Thermographic Analysis of a Fusion Plant
What will the energy supply of the future look like? The Max Planck Institute for Plasma Physics (IPP) in Greifswald is dealing with this question.
In accordance with the weightily initial question, the researchers can draw on an impressive research instrument. “Wendelstein 7-X is the world’s largest stellarator-type nuclear fusion facility,” says Dr. Marcin W. Jakubowski from Stellarator Edge and Divertor Physics Department at IPP. “It is intended to show whether this construction type is suitable as a permanently operated power plant.” The aim is to achieve plasma discharges lasting up to 30 minutes with this plant, in other words, half an hour of continuous operation. This would be an important preliminary work on the way to a form of energy production that does not require fossil fuels such as oil, coal and gas, does not produce CO2 emissions and does not further promote global warming. During the second experimental campaign, which ended in October 2018, discharges lasting up to 100 seconds were achieved. This is considered a world record for a fusion facility of this type.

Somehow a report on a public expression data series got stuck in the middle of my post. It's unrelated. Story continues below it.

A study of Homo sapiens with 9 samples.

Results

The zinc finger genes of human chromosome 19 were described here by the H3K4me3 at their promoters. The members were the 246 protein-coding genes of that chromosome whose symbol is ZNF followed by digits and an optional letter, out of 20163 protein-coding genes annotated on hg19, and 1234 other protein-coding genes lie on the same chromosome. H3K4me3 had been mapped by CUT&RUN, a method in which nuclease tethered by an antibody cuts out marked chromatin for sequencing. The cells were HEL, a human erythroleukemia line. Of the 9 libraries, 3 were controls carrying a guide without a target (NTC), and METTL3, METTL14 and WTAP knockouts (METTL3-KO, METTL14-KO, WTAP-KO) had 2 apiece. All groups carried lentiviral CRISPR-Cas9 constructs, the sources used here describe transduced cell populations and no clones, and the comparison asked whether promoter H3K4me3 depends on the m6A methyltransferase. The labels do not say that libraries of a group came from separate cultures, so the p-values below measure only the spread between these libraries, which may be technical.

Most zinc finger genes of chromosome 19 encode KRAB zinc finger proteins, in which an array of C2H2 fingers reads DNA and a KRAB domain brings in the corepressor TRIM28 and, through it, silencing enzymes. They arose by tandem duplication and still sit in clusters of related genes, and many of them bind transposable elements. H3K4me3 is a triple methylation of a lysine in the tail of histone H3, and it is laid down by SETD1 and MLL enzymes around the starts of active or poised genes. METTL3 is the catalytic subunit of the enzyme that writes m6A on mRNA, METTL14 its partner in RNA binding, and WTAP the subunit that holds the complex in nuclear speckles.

Use of the High-end ImageIR® 9300 Camera Secures Operation of the Fusion System
The scientists measure temperatures of up to 1,000 °C on the surface of the graphite tiles. In exceptional cases and locally very limited, up to 2,000 °C are registered. “Temperatures of more than 1,200 degrees Celsius are critical,” explains Dr. Marcin W. Jakubowski. “If this happens, the divertor can be damaged and tile elements can come loose.” If this were to happen, the system would have to be stopped and the divertor repaired. The consequence would be a forced break of at least six months.